M965.199.3350 | To Which Voice Will He Listen?
To Which Voice Will He Listen?
April 28, 1942, 20th century
Ink, crayon, graphite and opaque white on card
38.7 x 28.3 cm
Gift of Mr. John Collins - The Gazette
© McCord Museum
Keywords: Cartoon (19139) , Drawing (18637) , drawing (18379)
Keys to History
On April 27, 1942, the government held a plebiscite to release it from a 1940 election pledge to avoid conscription. The vote divided Canadians. The people of Quebec voted 71.2 percent against releasing the government from its commitments not to impose conscription. The eight English-speaking provinces ("the rest of Canada") voted 80% in favour of the release. In Canada as a whole the vote was 63.7% in favour. The wording of the plebiscite was deliberately chosen to allow the government some leeway. In the interest of keeping Canada united, King interpreted the results as "not necessarily conscription, but conscription if necessary." The National Resources Mobilization Act (NRMA) gave the government the power to conscript men for the defence of Canada. King introduced a bill to amend the NRMA to make conscription for overseas service possible. He also promised Quebec supporters that it wouldn't necessarily be introduced.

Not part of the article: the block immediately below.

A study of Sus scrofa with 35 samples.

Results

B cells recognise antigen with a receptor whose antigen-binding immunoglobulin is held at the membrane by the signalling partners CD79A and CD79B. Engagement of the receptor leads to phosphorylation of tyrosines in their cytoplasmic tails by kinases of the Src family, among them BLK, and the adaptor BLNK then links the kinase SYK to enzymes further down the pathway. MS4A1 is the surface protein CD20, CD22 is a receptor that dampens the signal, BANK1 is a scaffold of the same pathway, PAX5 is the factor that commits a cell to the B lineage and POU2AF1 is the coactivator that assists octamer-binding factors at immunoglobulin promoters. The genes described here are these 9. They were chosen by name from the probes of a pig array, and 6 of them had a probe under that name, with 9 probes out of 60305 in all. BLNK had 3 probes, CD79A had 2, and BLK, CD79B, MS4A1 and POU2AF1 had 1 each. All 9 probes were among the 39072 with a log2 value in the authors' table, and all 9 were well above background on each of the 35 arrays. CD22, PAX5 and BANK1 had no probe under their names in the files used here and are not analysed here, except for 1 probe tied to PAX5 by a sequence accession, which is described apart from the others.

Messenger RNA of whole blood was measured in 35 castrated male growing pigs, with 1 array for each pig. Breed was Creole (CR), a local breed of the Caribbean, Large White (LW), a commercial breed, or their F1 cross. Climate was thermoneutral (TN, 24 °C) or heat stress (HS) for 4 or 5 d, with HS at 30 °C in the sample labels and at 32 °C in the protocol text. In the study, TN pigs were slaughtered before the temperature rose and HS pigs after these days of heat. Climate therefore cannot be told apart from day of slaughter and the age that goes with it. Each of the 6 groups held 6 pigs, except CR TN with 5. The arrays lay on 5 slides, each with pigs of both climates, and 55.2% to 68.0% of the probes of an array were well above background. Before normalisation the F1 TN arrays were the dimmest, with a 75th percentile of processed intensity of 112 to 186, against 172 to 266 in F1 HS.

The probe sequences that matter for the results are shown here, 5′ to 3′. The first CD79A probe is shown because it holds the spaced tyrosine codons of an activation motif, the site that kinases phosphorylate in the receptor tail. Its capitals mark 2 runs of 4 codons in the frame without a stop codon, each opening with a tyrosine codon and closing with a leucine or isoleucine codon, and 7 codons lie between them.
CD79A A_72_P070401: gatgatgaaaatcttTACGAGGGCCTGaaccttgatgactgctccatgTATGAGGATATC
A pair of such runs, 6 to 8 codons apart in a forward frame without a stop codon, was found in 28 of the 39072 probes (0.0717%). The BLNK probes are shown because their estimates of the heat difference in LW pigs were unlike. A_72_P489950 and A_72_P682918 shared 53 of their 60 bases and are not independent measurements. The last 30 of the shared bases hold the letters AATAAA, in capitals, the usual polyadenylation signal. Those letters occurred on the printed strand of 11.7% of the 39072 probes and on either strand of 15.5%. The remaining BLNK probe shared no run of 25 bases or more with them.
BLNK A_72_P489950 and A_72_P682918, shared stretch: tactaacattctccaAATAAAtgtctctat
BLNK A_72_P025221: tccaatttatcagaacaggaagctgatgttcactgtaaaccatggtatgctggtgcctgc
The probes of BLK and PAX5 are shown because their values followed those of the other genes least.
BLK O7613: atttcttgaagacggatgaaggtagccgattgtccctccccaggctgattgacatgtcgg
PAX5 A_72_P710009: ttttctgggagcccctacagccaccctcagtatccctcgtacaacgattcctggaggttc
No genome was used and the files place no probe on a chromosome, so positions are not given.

This cartoon by John Collins shows Prime Minister King reading a "summary" of the plebiscite question and listening to the voice of the people. The original question was "Are you in favour of releasing the Government from any obligation arising out of any past commitments restricting the methods of raising men for military service?"
The government had already implemented military service for men serving within Canada. The plebiscite would allow the government to conscript for overseas service.
King announced the decision to hold a plebiscite on January 22, 1942. The vote took place on April 27.
Most English Canadians felt that conscription was necessary; most Quebeckers, including 85% of French-Speakers, opposed it.